Cracked teeth can occur in several ways. External trauma, like a sports injury, can crack a tooth. Grinding your teeth or chewing on something hard can also lead to a crack in your tooth. Regardless of the cause, if your tooth becomes cracked contact our office right away. Quick evaluation and treatment are key to protecting you from further damage and to saving the tooth, if possible.
It may not be immediately obvious that a tooth has been cracked. While some cracks may be large and highly visible, others may be very small or thin and blend into surrounding tooth structure. Cracks may also be located on the back of a tooth or in the rear of your mouth where they are more difficult to spot. Some symptoms that could indicate a tooth crack include:
- Pain from heat or cold contact with a single tooth
- Pain while chewing on a single tooth, may be inconsistent
- Sharp or rough edge on a tooth felt by the tongue
- Sensation that a tooth or part of a tooth moves within the mouth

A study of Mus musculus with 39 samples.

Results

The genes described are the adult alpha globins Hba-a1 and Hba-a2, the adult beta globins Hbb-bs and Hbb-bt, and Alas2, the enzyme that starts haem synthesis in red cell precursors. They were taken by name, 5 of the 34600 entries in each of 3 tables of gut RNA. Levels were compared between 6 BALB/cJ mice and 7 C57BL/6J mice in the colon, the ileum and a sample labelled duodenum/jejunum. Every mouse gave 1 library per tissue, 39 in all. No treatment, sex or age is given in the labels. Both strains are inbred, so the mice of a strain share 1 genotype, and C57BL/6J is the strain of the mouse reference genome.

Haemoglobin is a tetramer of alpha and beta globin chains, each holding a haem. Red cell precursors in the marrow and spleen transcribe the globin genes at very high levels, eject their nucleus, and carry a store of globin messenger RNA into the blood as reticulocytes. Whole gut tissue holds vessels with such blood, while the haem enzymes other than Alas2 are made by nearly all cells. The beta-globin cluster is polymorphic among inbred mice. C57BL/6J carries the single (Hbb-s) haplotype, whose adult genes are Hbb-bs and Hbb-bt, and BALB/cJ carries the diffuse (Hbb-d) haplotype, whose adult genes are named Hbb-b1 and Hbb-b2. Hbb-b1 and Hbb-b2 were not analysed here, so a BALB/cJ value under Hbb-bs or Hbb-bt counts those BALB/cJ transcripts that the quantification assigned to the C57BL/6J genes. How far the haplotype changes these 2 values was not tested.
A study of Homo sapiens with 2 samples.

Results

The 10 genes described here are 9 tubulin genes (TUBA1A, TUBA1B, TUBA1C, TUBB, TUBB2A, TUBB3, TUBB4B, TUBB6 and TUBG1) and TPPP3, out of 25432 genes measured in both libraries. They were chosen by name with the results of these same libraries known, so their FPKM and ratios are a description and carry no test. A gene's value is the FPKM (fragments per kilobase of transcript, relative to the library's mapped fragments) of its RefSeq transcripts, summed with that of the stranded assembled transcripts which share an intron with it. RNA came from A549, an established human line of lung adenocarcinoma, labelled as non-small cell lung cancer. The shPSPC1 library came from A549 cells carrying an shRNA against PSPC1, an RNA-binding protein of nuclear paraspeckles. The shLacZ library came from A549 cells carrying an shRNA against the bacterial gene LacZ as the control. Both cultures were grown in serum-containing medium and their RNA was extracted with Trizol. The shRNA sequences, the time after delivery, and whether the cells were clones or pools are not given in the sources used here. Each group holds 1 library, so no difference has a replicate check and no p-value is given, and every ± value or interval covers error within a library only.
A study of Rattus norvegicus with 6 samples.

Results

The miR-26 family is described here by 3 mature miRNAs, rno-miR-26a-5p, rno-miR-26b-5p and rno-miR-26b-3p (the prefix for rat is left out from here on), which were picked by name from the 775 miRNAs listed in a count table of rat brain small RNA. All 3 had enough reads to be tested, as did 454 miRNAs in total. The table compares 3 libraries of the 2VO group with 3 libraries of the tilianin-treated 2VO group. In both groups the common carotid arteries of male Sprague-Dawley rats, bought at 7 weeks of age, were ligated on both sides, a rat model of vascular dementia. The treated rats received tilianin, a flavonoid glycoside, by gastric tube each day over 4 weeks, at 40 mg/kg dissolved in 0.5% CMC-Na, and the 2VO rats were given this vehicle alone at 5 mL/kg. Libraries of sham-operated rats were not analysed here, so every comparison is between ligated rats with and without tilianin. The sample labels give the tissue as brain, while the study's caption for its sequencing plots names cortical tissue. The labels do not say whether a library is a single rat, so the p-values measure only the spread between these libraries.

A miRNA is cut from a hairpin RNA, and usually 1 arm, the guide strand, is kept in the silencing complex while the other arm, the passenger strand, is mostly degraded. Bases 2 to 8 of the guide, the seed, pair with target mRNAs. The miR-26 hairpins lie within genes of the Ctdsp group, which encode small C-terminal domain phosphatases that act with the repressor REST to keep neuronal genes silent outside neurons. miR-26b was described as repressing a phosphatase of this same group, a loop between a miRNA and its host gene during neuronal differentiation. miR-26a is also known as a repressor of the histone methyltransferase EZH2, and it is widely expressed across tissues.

If you experience any of these symptoms or if you have a visibly cracked tooth, contact our office for an appointment. If you have any bleeding, apply gentle pressure with gauze. You may use a cold compress or over-the-counter pain reliever if you are experiencing pain while you wait to be seen. Once we can examine the tooth, we will determine whether it can be saved and discuss your options and our recommendations for treatment.
To help prevent cracks, be sure you use a mouthguard when playing sports. Avoid chewing ice and other hard substances. If you clench or grind your teeth, contact our dentist to see whether a nightguard may be helpful for relieving pressure on your teeth.
For more information or to schedule an appointment, contact our office.